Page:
Is It Time To Act? A Brief Primer on Relationship Ending : by Pamela Brewer

Monday, July 30, 2018

For most, entering into a relationship is a hope and a promise for the future. The anticipation is that you will be happy and respected, supportive and supported in good times and in bad. The imaginings tell you that the good times will be wonderful and the bad times will be few and manageable. Sometimes, that is not the case.

The dreams turn to nightmares, and the anticipations are filled with fear. Perhaps you think it is time to consider leaving. Relationship endings can be as challenging and exhausting as relationship beginnings. Just as you planned your attire, your venue and your wish list for the relationship beginning, so too are you wise to plan your departure. Sometimes a planned departure can make all the difference.


Do not kid yourself into believing that while your partner is bad to you he/she is a "good parent to the children". If he/she is hurting you - the children are being hurt as well.
A "good"parent/partner does not demean or harm the co-parent/partner in any way and certainly not within eyeshot or earshot of the children.
Healthy/respectful partnering and parenting is as much about creating a loving, emotionally and psychologically safe environment as it is paying the bills and setting limits.
If your partner is in the practice of blaming you for his/her bad day and is unwilling to work on this part of his/her personality there is a significant problem in the relationship that you can not fix on your own.
NEVER take a threat lightly.
If your partner has ever forced you to do something against your will, you have to understand that he/she does have the capacity to harm you again.
If weapons, drugs, alcohol are a part of the relationship, while removal does not necessarily guarantee safety, their presence certainly guarantees extreme risk.
Do not teach your children that any behavior is acceptable as long as there is a partner in the house.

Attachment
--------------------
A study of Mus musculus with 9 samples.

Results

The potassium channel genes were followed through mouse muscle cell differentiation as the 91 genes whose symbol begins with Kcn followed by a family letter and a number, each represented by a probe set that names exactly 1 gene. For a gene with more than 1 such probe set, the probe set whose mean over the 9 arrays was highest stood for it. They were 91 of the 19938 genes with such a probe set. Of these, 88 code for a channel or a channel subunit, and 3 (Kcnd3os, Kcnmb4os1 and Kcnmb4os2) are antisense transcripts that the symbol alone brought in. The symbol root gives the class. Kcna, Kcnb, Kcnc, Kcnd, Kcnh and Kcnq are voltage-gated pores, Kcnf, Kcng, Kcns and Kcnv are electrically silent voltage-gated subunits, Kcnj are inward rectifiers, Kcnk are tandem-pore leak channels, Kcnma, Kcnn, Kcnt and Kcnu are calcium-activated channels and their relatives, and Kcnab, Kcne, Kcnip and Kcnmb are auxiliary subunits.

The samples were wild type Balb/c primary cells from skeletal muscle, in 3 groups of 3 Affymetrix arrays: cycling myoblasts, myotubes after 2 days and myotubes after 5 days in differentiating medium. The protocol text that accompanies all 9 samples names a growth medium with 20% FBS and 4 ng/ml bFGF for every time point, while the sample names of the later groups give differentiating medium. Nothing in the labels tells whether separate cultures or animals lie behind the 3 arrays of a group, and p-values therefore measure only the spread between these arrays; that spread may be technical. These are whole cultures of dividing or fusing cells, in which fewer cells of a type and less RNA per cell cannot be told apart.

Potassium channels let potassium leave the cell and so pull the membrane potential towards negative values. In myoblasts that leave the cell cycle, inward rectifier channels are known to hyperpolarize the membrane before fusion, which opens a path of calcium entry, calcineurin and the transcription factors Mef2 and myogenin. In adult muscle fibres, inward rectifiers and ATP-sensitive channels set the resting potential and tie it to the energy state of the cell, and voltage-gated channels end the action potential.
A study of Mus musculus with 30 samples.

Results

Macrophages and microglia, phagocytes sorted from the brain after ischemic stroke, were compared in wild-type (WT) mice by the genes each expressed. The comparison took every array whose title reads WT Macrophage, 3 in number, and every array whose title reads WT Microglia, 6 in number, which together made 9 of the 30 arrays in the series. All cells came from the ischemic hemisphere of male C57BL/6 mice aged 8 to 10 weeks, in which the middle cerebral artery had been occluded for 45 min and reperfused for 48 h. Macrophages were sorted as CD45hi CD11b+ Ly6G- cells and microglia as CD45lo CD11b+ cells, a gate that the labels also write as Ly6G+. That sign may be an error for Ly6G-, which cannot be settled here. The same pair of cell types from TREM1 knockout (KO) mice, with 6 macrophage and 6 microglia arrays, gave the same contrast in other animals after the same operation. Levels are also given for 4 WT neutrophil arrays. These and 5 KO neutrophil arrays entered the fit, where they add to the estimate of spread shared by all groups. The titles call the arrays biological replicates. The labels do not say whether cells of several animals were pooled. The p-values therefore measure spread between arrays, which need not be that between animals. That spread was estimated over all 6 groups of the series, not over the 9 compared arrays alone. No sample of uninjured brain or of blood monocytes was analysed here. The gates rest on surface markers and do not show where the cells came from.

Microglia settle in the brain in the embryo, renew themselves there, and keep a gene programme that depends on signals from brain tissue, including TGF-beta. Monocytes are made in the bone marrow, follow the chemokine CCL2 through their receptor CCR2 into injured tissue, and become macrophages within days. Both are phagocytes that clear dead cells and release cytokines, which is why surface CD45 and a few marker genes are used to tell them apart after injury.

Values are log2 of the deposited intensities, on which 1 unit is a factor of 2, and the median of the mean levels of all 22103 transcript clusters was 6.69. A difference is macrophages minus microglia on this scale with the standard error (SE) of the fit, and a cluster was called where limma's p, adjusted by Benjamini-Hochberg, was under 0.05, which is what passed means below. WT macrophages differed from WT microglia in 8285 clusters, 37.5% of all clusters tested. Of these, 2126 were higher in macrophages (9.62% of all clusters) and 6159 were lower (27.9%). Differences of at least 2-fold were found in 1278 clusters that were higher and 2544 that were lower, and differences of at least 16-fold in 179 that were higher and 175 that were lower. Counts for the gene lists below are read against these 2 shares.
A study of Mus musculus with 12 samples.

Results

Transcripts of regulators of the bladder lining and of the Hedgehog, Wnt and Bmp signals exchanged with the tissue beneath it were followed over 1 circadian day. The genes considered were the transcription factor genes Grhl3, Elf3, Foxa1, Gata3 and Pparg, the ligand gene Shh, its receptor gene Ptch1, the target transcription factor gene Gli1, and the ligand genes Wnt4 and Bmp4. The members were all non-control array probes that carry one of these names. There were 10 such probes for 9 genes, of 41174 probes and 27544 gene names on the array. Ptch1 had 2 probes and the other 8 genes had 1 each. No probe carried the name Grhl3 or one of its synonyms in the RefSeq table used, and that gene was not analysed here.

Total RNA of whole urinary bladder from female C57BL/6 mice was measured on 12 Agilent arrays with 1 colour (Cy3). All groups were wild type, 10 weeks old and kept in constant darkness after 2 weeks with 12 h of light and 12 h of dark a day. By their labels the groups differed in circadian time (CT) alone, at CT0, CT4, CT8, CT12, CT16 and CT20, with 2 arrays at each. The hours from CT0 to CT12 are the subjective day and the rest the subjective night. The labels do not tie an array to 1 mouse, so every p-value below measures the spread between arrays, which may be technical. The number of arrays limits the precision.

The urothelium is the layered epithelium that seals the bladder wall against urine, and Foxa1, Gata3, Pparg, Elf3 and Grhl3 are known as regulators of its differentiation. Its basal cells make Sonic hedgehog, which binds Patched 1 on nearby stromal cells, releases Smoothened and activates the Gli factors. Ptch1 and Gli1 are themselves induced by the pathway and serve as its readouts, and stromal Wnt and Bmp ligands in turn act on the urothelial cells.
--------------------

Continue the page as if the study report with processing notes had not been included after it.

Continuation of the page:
You/your children do not have to have another parent in the house at all costs. What you and your children deserve is be in safe and respectful relationships in safe and respectful environments.
Stalking is not a behavior of "endearment" It is not "cute" or "romantic". It is a life altering crime.
 Jealousy is not flattering. It can be very dangerous.
Unresolved infidelity does not just "go away".


1. If your partner was violent or threatening or erratic during the relationship, the odds of this behavior escalating intensify.
2.Have at least one trusted friend/family member with whom you can problem-solve and plan.
3.Have an emergency exit plan for you and your children.
4. Have a safety plan for you and your children.
5. If you are in a fearful situation and legal action is necessary - work with a legal professional who has experience with domestic violence (including emotionally terroristic behavior).
6.Have a photo of your partner? Be sure people are familiar with his/her appearance.
7. Document all events.
8. Do not assume that your partner has suddenly had an epiphany and is now a new and rational person. If he/she exhibited problematic behavior during the relationship - be careful and concerned as you work to exit the relationship.
9.  Be sure to let local authorities know about your concerns. Do not be still, do not be quiet.
10.Do not spend your time or energy trying to understand your partner's behavior. Do not try to make it make sense to you. It will not.
11. Do not make excuses for your partner's behavior. You will exhaust yourself for no useful reason.
12. Do not blame yourself for your partner's behavior.